It’s not easy being the caretaker of Greece’s heritage these days. Greek museums are facing budget cuts, strikes, reduced staff, even loss of visitors due to riots. The National Archaeological Museum had many rooms closed during the peak tourist season last summer due to budget cuts, and strikes are regularly closing all publicly owned museums.
Take the Byzantine and Christian Museum in Athens. It collects the nation’s Medieval heritage, focusing especially on the glory days of Byzantium. When the Roman Empire split into western and eastern halves in 395 AD, the West fell apart within a century, but the East, known as Byzantium, survived for another thousand years. Byzantium produced a distinct and beautiful artistic style and preserved many Classical works that then became the inspiration for the Renaissance.
The museum was founded in 1914 in the palace of a French noble. For most of the twentieth century the displays didn’t change much and visitors tended to pass it by for the more famous Classical sights.
“It was a place only for scholars,” said Nikolas Constantios, an archaeologist and museologist who works there and showed me around the recently revamped permanent exhibition.
And what an exhibition! Some four hundred icons are on display. Richly embroidered church vestments stand next to colorfully painted manuscripts, gold coins, and day-to-day objects. It’s all laid out in an open, well-lit fashion that reminded me of the new Ashmolean in Oxford. This modern style replaced the old “cases filled with stuff” museum design and helps combat museum fatigue.
This ten-year revitalization project almost came too late. The money, half of which came from the Ministry of Culture and half from the European Union, was already earmarked when the crisis hit.
“We were safe because we were almost finished,” Constantios said. “If the crisis had happened five years ago we would have had a lot of problems.
The final touches are due to be completed by May and include a public garden, gift shop, and cafe.
While the present looks rosy for this museum, there are some serious challenges ahead. Museum director Anastasia Lazaridou said the Ministry of Culture has cut the museum’s budget by 20 percent. She has had to let some of the staff go, especially short-term contractors whose work is important for their well-known conservation department, which remains the biggest in Greece.
“We will try to find money from the private sector and create a bigger network of collaborations with foreign museums to share expenses,” Lazaridou said.
With the recession, though, the museum has found getting large donations to be more difficult than it used to be. Tickets help–with the renovation visitors numbers are ten times what they were a decade ago–yet many of these visitors get in for free.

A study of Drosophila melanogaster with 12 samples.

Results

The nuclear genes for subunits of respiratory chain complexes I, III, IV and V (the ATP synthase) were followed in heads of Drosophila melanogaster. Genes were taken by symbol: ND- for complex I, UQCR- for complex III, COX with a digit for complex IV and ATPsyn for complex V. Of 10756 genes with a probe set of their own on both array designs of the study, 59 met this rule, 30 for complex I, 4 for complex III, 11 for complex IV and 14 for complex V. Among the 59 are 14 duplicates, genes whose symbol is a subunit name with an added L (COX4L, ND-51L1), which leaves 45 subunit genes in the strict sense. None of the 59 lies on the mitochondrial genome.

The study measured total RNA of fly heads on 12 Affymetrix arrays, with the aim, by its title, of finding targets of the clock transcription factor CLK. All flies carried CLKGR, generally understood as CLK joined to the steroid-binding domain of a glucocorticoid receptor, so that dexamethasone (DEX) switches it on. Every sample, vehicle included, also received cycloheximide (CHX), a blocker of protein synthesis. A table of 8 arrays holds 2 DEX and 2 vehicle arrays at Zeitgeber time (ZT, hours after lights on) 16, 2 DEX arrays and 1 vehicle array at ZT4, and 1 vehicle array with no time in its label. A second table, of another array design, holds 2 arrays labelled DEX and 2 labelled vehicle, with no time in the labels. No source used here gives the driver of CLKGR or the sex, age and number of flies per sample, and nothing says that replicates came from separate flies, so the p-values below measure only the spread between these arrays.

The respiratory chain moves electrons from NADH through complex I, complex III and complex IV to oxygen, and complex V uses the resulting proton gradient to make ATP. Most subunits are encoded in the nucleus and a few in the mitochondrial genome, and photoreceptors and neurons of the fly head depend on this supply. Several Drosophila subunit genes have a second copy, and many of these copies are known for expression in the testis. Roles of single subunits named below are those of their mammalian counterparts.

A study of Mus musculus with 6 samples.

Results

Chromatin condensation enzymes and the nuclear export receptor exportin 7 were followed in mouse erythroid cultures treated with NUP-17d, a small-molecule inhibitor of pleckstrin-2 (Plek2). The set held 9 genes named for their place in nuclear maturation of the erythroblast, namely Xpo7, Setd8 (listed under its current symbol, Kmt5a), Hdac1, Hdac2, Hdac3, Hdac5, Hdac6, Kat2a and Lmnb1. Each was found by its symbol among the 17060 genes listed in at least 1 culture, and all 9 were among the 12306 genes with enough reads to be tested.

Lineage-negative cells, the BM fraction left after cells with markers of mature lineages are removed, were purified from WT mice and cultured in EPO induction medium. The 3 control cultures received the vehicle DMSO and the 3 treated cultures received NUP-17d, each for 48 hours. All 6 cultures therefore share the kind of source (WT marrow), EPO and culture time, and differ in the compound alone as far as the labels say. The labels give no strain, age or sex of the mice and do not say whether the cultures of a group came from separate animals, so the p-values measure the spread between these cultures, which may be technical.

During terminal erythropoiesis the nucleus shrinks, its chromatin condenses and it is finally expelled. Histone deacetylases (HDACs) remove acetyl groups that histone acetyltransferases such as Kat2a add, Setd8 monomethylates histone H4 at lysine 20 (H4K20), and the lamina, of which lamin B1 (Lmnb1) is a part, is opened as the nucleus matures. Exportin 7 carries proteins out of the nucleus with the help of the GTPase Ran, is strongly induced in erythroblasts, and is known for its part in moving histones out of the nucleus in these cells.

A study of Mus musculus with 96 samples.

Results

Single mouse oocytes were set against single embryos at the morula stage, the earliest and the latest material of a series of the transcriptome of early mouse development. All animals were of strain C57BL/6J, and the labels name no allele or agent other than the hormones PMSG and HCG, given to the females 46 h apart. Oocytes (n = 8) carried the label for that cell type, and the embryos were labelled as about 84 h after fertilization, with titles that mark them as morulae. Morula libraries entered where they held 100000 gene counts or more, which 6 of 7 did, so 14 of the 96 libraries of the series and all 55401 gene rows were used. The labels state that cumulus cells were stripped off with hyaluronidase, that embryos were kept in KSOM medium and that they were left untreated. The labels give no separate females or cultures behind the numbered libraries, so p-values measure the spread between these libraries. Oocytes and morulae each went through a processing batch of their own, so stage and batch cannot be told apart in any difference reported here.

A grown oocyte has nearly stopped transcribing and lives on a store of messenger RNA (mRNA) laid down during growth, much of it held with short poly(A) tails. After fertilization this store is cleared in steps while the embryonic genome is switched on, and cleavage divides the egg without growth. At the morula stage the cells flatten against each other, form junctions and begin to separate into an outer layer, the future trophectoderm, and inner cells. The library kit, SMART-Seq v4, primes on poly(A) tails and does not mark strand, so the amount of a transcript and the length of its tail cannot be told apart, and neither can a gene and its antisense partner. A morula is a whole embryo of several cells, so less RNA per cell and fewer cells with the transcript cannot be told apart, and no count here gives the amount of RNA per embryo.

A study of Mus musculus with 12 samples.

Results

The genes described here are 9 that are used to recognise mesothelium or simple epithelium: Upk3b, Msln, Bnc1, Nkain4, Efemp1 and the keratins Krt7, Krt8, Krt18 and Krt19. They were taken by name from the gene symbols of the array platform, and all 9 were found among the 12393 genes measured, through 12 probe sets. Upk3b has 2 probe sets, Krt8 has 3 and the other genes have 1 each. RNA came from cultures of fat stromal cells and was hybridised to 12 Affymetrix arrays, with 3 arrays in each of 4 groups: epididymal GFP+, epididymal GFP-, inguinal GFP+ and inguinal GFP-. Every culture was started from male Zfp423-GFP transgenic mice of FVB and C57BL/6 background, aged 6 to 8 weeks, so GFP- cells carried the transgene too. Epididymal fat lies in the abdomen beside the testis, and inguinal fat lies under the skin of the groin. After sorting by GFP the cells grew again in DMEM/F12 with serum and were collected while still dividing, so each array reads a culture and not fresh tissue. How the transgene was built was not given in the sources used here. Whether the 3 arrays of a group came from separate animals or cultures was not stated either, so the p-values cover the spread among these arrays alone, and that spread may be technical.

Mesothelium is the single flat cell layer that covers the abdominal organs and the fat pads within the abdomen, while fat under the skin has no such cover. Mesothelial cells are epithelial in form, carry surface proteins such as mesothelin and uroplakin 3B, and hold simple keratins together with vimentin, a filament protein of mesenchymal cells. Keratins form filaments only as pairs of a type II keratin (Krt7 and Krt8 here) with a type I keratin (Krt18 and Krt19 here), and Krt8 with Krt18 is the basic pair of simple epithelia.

When I visited there was a typical crowd for the low season: three other tourists and several school groups. Entrance is free for under-18s. Luckily this situation reverses in the high season. Check out the photo gallery and you’ll see why the Byzantine and Christian Museum is getting on the map.
The Museum of the City of Athens is facing even greater challenges. Housed in the former royal palace of King Otto, the first monarch after independence from the Ottoman Empire, it’s situated close to the municipal government buildings. Several riots have occurred right outside their door and now many tourists avoid the entire neighborhood. Museum director Aglaia Archontidou-Argiri told me visitor numbers dropped 70 percent last year.
Luckily the museum is a private foundation so they are in no danger of closing, yet they’re scrambling to find money for extra programs. Last year they ran a free program teaching Greek culture and history to immigrants. It ran for six months and included students from the Roma, Georgian, Bulgarian, and other communities. Now they have no money to continue, but Archontidou-Argiri remains optimistic they’ll find the money somewhere.
Like with the Byzantine museum, many visitors are school groups, who come to see the displays illustrating the development of their city. While the museum charges them, it lets in kids for free if their families can’t afford the €2 ($2.63) entry fee. With the crisis worsening, this is becoming increasingly common. There is also a popular music and lecture series that attracts many locals, but it is also free.
So far these two museums are doing fairly well. Both have been lucky in their funding, but with the crisis tightening wallets all over Europe, the caretakers of Greek heritage have a tough job ahead.
Don’t miss the rest of my series: Our Past in Peril, Greek tourism faces the economic crisis.
Coming up next: Athens day trip: Acrocorinth!